It’s funny that what we consider sympathetic in a hero is very different from what we find sympathetic in real life. We want our friends to be sensible, but we have very little patience for sensibility in fiction. We want our heroes to be willful. This doesn’t mean that every hero needs to be brashly defiant. There are a lot of ways for heroes to stand up for themselves.
- Sometimes, yes, heroes will engage in angry confrontation.
- Other times, they subtly mock or impeach what the other character is saying.
- Sometimes they’ll just quietly and brazenly ignore all opposition, which is a more direct type of defiance.
- Weaker characters may acquiesce but mutter sarcastic asides as they do it.
- In some cases, heroes fail to stand up for themselves, but they at least get their own say in first-person narration or voice-over. If characters won’t hold their own in person, they at least let us know about their defiance.
Our urge to see heroes defy authority can go to ludicrous extremes. The producers of 24 joked that whenever a script came in short, they had one stock scene they could use repeatedly because the audience would love it every time. Before President Palmer took whatever action he had decided to take, they’d have one of his aides run up to him and say, “Mr. President, wait! We just got some new poll numbers about this issue, and everybody disagrees with what you’re about to do!” Palmer would consider this gravely for about five seconds, then issue a stentorian statement: “I don’t care if they impeach me—it’s the right thing to do.” With that, he would boldly stride off into the situation room while his aide’s mouth hung agape.
Is this how we want a president to act in real life? Absolutely not. In real life, when presidents double down on their current agenda, even after the polls are screaming for them to reverse course, the American people become dispirited and depressed, and we blame their intransigence on corruption. But in our fiction, it’s a different story.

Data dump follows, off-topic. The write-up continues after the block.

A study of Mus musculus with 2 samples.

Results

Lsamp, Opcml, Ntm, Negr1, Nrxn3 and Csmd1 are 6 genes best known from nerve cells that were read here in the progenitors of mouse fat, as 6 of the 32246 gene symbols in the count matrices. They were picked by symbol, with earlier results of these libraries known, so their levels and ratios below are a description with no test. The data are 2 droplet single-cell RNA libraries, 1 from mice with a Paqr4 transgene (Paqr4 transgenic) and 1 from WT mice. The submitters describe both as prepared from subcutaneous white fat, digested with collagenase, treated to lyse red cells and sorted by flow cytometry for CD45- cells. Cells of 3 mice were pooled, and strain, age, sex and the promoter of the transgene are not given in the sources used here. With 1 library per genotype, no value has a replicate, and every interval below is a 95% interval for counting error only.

Compare this to later seasons of 24, in which President Palmer’s more pliable, poll-following brother inherited the Oval Office. He was perfectly nice, but the audience hated that guy. We all dream of saying no to our boss, and we want our fictional heroes to live that dream, even if the hero’s boss happens to be the American people.
The 40 Year Old Virgin
YES. “I’m tired of saying the word ‘pussy’!”
Sort of. She’s very hesitant to speak up at first, to the degree that we don’t even guess she’s the ultimate hero. She lets herself be steamrolled over when she tries to maintain quarantine, for instance…but she gradually becomes more and more assertive as she grows into her hero role.
YES. In muttered sarcastic asides, yes.
YES. Very directly.
YES. Gladly. And when it’s not safe to tell them that to their face, he turns to us and tells us.
NO. He’s polite and softspoken, hiding his internal turmoil. He certainly has qualities that those around him lack, but he’s in no hurry to let them know that out loud. His roiling internal contradictions become clear to us through his shocking actions, not because he speaks up to share his unique point of view.
The Bourne Identity
YES. He’s reluctant to speak up, but quick to act, so he’s assertive in his own way.
YES. in a petulant-mumbled-aside kind of way.
YES. he has a razor-sharp rapier wit
YES. Very much so. He’s openky surly and defiant of everyone.
Yes and no. In the mob, he lacks a forceful personality. This is in fact the secret of his success: his ability to blend into the background. He mostly keeps his own counsel until directly confronted. Outside the mob, however, he’s quick to complain and mock his bosses’ incompetence.
Do the Right Thing
YES. Yes, he stands up to both Pino and Buggin’ Out, trying to chill them both out.
YES. Many times
Yes and no. He’s very reluctant to, but he speaks up for himself at several key points.
YES. Sort of. Like so many heroines, she is the master of the muttered aside.
YES. Not verbally, but he pointed refuses to stop doing what he’s doing whenever others tell him to back off.
YES. He gently points out to Rose her seeming naivete, but mainly just reacts to everyone with pointedly-quizzical looks. He laughs off Rod.
How to Train Your Dragon
YES. but only in muttered asides.
In a Lonely Place
YES. Very much so, he has a razor-sharp rapier wit
YES. Very much so. He verbally humiliates friends and enemies alike.
YES. Not so much with her friend (which is good), but certainly with her family.
NO. he’s reluctant to criticize
YES. He’s an expert at standing up for himself while still molifying his opponent, whether it be SNCC or Johnson.
YES. Jack, yes: he’s a snapping, snarling beast. Danny: no.
YES. He has a withering, sharp wit.
The Silence of the Lambs
YES. Stands up for herself in a humble but definite way.
YES. He doesn’t boast about the force, but he certainly boasts about his home-grown shooting abilities.
YES. he has a razor-sharp rapier wit.